The Maritime and Port Authority (MPA) of Singapore is further relaxing its restrictions on crew change in the city-state’s waters.
In addition to the earlier criteria announced in March, the MPA is also allowing crew change for seafarers whose employment contract has expired, additional crew whose sign-off would not affect safe manning of the vessel, change of crew due to the sale or purchase of the ship, and personnel who are not part of the ship’s crew, such as superintendents and engineers.
The MPA said that it worked with the Singapore Shipping Association, Singapore Maritime Officers’ Union (SMOU), Singapore Organisation for Seamen (SOS), and the industry as well as other government agencies to enhance the existing procedures.
“MPA appreciates the collaboration with shipping companies to effect the many cases of crew change. Our procedures have also allowed us to attend to crew that require emergency medical care,” said the MPA in a circular.
To be eligible, the seafarers must not have gone ashore in the last 14 days before leaving the ship, and remained well throughout that period. The seafarers must also be certified by a doctor in Singapore to be fit to travel, provide proof of expiry of employment contract, or a medical certificate showing they are unfit for work. Relevant documents regarding the sale and purchase of the ships must also be provided where applicable. The seafarers must also show that they had been quarantined for 14 days before and tested negative for novel coronavirus (COVID-19) within 48 hours before leaving their home country.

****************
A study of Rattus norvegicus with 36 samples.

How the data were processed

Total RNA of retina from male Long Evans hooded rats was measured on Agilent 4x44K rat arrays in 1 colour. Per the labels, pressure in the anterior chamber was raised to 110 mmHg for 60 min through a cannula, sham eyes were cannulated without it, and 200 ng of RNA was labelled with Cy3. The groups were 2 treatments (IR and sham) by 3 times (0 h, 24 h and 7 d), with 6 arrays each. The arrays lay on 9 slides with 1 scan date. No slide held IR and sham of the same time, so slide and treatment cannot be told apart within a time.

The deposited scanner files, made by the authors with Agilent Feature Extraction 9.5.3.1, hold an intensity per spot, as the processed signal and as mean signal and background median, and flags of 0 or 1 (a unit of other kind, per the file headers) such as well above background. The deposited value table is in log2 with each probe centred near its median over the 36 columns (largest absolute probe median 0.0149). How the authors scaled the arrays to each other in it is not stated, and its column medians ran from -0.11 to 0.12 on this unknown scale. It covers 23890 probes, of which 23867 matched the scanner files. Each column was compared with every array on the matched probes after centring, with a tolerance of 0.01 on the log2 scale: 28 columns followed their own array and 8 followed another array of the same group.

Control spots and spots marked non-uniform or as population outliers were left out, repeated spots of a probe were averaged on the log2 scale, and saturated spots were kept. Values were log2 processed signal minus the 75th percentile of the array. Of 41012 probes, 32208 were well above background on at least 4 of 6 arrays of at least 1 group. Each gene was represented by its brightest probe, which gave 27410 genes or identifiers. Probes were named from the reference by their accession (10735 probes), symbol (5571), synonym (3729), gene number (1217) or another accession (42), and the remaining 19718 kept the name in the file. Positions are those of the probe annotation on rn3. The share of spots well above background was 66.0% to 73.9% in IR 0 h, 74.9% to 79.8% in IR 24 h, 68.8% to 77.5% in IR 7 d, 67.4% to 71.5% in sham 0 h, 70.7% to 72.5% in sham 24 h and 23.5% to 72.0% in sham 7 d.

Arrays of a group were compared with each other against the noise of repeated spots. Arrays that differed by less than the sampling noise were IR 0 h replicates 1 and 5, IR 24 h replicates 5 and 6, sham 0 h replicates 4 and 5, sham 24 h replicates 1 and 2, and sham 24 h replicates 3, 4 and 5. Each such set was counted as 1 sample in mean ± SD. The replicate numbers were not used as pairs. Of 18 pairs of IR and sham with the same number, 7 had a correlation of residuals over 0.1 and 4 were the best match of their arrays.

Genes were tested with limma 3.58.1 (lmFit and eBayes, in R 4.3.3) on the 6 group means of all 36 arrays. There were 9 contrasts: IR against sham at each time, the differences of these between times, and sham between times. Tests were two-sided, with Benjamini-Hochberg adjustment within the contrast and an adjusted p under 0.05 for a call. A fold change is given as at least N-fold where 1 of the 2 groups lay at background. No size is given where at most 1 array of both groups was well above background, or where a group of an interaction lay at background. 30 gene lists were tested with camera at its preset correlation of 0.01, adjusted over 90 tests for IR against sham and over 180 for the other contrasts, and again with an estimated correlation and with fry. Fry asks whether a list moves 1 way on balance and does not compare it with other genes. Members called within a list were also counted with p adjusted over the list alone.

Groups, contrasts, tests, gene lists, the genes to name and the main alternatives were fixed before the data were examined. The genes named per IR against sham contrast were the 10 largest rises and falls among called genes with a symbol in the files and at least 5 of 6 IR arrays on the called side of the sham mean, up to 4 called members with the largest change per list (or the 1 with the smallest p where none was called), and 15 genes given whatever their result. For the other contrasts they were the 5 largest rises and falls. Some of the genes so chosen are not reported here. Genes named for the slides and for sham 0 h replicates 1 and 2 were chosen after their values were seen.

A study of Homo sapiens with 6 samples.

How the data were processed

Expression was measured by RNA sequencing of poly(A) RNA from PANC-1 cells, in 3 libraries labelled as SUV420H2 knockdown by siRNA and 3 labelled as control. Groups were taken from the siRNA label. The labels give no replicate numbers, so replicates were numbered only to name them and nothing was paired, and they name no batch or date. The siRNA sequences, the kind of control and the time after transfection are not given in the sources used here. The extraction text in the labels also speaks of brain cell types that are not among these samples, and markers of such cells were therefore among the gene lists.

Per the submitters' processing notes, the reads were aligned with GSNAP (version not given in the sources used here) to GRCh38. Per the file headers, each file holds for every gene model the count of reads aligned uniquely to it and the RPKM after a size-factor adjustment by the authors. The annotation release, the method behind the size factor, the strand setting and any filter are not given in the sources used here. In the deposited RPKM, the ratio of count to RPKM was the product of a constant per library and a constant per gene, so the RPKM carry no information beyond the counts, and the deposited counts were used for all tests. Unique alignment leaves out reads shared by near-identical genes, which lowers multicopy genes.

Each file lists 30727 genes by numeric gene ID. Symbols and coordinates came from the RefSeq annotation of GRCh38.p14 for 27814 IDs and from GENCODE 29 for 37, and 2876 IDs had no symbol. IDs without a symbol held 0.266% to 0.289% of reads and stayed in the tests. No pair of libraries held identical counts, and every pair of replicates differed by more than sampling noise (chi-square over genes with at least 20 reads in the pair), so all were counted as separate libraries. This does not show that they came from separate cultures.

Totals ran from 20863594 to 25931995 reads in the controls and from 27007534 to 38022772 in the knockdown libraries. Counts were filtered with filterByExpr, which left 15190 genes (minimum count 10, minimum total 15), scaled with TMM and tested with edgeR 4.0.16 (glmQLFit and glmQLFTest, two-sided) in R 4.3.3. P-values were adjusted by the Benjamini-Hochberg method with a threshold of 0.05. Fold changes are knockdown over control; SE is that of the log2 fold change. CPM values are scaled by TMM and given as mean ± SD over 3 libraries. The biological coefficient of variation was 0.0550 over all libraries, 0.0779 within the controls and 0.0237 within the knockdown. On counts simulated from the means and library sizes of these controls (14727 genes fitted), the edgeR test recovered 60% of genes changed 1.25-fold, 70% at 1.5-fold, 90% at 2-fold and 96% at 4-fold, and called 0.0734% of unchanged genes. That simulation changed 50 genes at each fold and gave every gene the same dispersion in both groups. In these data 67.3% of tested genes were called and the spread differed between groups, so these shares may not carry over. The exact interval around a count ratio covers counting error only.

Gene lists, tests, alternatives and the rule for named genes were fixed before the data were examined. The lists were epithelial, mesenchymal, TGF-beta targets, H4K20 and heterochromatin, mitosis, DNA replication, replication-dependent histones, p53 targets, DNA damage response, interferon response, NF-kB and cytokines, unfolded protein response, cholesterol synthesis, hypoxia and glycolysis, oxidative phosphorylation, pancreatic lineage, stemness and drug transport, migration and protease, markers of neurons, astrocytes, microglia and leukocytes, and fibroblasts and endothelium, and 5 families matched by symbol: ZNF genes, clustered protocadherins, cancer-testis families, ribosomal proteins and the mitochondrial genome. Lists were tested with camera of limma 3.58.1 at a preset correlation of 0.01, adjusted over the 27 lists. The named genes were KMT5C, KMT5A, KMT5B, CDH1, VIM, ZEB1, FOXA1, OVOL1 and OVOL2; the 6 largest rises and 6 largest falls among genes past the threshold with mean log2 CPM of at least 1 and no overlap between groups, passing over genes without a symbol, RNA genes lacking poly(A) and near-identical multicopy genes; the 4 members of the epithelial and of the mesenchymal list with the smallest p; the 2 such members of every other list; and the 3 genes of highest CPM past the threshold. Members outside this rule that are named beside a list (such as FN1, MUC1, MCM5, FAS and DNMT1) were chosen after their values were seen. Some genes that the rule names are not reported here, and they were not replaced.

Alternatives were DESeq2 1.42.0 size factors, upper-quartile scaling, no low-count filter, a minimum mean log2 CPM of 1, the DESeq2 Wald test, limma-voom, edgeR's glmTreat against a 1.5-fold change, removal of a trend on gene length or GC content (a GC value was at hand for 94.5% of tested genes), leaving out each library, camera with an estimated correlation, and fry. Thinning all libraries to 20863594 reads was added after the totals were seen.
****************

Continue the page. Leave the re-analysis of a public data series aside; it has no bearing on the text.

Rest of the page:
The crew must also be transferred directly between the ship and point of arrival/departure in Singapore.
The ship concerned will not be allowed to depart Singapore until the sign-off crew has departed Singapore and/or the sign-on crew has boarded the ship.
Amid the COVID-19 pandemic, crew change has been challenging as governments are concerned that infected seafarers could result in imported cases of the potentially fatal respiratory ailment.
However, there are also concerns that seafarers kept ashore for prolonged periods may develop mental distress, with the International Transport Workers’ Federation, International Chamber of Shipping, and International Maritime Organization calling on governments to recognise seafarers as essential workers.
Kuba Szymanski, secretary general of InterManager, stressed that governments can also help with the issue of crew changes, which hampered by COVID-19-related port closures and restrictions. He added that this is one of the shipping industry’s main priorities.
Although there are instances of crew changes being carried out safely, as published in a league table created by InterManager, Szymanski maintains that it is now the responsibility of governments to come to the aid of seafarers. “This is the root cause, if the governments start acting, then the airlines, charterers, and owners will come online, and so on,” he said.